The annually-anticipated NHL trade deadline is one week from today. That got us thinking – who are the best deadline acquisitions in Nashville Predators history?

1. 2004: Steve Sullivan

In exchange for a pair of second-round draft picks, the Predators acquired one of the most valuable players of the franchise’s history.

Before coming to Nashville, Steve Sullivan hit his stride in Chicago by racking up four-straight 60-point seasons. In the middle of his fifth, Sullivan was dealt to the Predators in the midst of a playoff run. During that stretch run, Sullivan instantly became the team’s top threat and tallied 30 points in 24 games. He helped push the Predators to their first-ever playoff berth.

His contributions didn’t stop there. Sullivan stayed in Nashville through the 2010-11 season and had 263 points in 317 games with the blue and gold. Due to injuries he didn’t play in nearly the amount of games or contributed as much as he could have, but he definitely left a substantial stamp on the organization – on and off the ice.

All for a couple of draft picks.

2. 2011: Mike Fisher

Prior to the 2011 trade deadline, the Predators were in need of an additional forward to help them not only make the playoffs but win once they got there.

Mike Fisher did both.

Fisher was acquired from Ottawa for a first- and third-round pick. Since the veteran center wasn’t simply a rental pickup, the asking price from Ottawa’s end was steep. But the ammo David Poile unleashed to obtain Fisher was well worth it, as the center has proved over the last two years.

Fisher struggled from the onset in Nashville as he was banged up, but his late-season improvement lifted the Predators in a big way. Barry Trotz said multiple times that his team wouldn’t have made the playoffs in 2011 without Fisher. He also had a strong 2011-12 campaign where he scored 24 goals. He has racked up 81 points in 132 games with the Predators thus far.

3. 2007: Peter Forsberg

Hindsight is always 20/20, and when Predators fans look back on the Forsberg trade they call it a bust. David Poile would have done the trade all over again if he had the chance. I would have, too.

Knowing what we know about the summer of 2007, making a splash and ‘going for it’ was almost necessary. Forsberg was obviously on the downside of his career and never seemed to play at 100 percent health in a Predators uniform, but he did record 15 points in 17 regular-season games and four points in five playoff games.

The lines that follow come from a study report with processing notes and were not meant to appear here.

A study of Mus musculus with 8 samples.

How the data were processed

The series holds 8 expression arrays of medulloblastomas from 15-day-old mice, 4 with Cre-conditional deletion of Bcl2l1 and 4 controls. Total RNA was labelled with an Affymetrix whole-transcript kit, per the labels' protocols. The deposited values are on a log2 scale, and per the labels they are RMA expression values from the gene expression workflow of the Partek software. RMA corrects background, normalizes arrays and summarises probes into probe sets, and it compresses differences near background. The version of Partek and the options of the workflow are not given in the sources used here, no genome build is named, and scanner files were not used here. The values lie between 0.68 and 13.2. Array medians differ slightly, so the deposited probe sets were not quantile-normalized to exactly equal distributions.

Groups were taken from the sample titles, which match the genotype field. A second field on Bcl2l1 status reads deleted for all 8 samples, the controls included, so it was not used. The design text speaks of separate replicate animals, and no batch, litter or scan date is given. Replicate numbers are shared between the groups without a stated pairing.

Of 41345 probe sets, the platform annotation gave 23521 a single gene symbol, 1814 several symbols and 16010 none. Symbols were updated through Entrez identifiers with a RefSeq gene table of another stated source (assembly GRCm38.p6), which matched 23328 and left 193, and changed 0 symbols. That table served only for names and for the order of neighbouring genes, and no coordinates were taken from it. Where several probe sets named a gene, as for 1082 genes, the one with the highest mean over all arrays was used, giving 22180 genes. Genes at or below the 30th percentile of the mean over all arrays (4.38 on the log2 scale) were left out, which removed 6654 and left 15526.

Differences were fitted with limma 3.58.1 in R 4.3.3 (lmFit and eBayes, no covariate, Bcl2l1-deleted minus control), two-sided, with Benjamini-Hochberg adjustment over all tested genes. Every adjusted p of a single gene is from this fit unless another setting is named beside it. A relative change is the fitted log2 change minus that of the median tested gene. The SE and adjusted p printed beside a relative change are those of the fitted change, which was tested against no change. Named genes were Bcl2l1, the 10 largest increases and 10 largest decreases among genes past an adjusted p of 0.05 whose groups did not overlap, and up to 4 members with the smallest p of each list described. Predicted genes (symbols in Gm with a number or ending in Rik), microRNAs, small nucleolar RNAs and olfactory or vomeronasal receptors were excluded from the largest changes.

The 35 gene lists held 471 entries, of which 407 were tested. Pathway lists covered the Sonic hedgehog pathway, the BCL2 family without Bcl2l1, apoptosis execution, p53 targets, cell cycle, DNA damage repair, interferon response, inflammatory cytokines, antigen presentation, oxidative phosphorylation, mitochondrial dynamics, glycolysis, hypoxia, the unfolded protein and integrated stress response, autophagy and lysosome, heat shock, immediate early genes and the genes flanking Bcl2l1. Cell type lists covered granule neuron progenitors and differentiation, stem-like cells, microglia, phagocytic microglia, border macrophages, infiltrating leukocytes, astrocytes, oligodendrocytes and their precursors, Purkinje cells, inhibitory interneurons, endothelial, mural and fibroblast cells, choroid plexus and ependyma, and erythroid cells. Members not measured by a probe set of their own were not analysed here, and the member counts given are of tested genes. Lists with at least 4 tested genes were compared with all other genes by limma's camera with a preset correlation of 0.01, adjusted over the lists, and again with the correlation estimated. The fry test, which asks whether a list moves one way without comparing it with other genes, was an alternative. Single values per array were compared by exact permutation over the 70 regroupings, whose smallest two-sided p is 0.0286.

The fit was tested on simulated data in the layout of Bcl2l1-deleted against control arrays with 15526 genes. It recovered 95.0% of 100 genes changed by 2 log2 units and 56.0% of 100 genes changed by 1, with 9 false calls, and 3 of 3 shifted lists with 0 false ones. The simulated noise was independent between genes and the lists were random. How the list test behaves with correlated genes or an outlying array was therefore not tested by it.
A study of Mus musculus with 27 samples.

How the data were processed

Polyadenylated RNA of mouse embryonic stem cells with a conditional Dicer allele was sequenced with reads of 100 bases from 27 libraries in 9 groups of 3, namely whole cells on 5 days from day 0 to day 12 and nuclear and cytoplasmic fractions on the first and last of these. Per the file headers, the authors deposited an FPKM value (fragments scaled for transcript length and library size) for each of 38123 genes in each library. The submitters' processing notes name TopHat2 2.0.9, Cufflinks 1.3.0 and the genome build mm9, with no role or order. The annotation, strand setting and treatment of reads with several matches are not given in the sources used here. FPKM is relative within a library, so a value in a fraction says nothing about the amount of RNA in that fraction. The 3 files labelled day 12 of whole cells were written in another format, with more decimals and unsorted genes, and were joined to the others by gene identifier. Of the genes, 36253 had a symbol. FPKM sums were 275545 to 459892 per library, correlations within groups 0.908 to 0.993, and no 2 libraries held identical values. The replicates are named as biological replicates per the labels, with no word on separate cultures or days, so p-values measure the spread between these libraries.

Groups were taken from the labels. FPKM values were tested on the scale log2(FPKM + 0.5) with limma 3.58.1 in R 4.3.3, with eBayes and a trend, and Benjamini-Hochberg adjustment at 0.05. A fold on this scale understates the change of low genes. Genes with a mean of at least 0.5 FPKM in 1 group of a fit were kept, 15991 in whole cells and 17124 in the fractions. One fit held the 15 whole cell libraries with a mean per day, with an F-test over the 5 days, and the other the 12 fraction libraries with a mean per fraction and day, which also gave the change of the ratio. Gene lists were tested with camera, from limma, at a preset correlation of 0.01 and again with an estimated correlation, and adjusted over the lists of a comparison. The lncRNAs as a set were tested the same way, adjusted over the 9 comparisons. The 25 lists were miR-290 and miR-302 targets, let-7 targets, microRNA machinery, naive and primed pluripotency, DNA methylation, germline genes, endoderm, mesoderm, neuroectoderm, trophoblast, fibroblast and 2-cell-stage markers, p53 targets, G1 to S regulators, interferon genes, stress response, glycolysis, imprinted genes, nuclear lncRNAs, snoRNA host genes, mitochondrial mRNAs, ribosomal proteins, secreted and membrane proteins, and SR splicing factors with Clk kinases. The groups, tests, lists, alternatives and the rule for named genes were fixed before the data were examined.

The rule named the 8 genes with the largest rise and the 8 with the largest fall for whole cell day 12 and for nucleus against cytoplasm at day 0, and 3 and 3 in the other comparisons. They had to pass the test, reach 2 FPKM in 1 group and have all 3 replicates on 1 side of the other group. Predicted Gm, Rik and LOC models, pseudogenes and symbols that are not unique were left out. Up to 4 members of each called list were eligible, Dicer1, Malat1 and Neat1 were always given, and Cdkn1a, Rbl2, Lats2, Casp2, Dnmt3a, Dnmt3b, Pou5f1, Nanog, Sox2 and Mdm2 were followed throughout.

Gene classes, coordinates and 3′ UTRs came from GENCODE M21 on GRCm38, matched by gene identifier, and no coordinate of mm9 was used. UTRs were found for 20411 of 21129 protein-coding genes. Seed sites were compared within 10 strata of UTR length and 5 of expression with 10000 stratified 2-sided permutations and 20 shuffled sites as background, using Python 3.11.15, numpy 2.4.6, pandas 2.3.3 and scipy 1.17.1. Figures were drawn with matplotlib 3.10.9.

At the time it seemed like the Predators gave up a king’s ransom for the future Hall of Famer’s services. However, Scottie Upshall and Ryan Parent have underwhelmed compared to expectations and the first-round pick circled back to Nashville in the subsequent off-season.

Forsberg’s presence made the Predators a legitimate Cup contender. Even though the team fell short of its goal by being knocked out in five games by San Jose, it was worth the gamble.

4. 2012: Paul Gaustad, Hal Gill, Andrei Kostitsyn

Five years after the Forsberg trade, Poile once again pushed his poker chips to the middle of the table. The 2012 trade deadline was an active one for the Predators GM, who traded away many quality assets for three rental players: Paul Gaustad, Hal Gill and Andrei Kostitsyn. Poile dealt a first-round pick, two second-rounders and prospect Blake Geoffrion, among other minor assets, to acquire the trio.

While none of them were star players, all three filled a specific need for the Predators in their quest for a title – Gaustad as a faceoff specialist; Gill as a premier penalty-killer; Kostitsyn as a top-six forward.

The flurry of additions gave the Predators arguably the most depth in the Western Conference, and they looked like a Cup contender while disposing Detroit in the first round. However, the off-ice acts of Kostitsyn and fellow late-season addition Alexander Radulov played a role in the Predators exiting in the second round against Phoenix.

5. 2008: Jan Hlavac

The Predators weren’t “buyers”, per se, at the 2008 trade deadline, but they needed an extra forward or two to add depth to a lineup that needed it. Acquired from Tampa Bay in exchange for a seventh-round pick, veteran winger Jan Hlavac fit the bill for the Predators. In 18 regular-season games, Hlavac had 10 assists, 13 points and a plus-9 rating while playing in a secondary role up front.

Hlavac has not played in the NHL since the end of the 2007-08 season. Meanwhile, the seventh-round pick Tampa Bay obtained was used on defenseman David Carle, who is now an assistant coach for the University of Denver hockey team.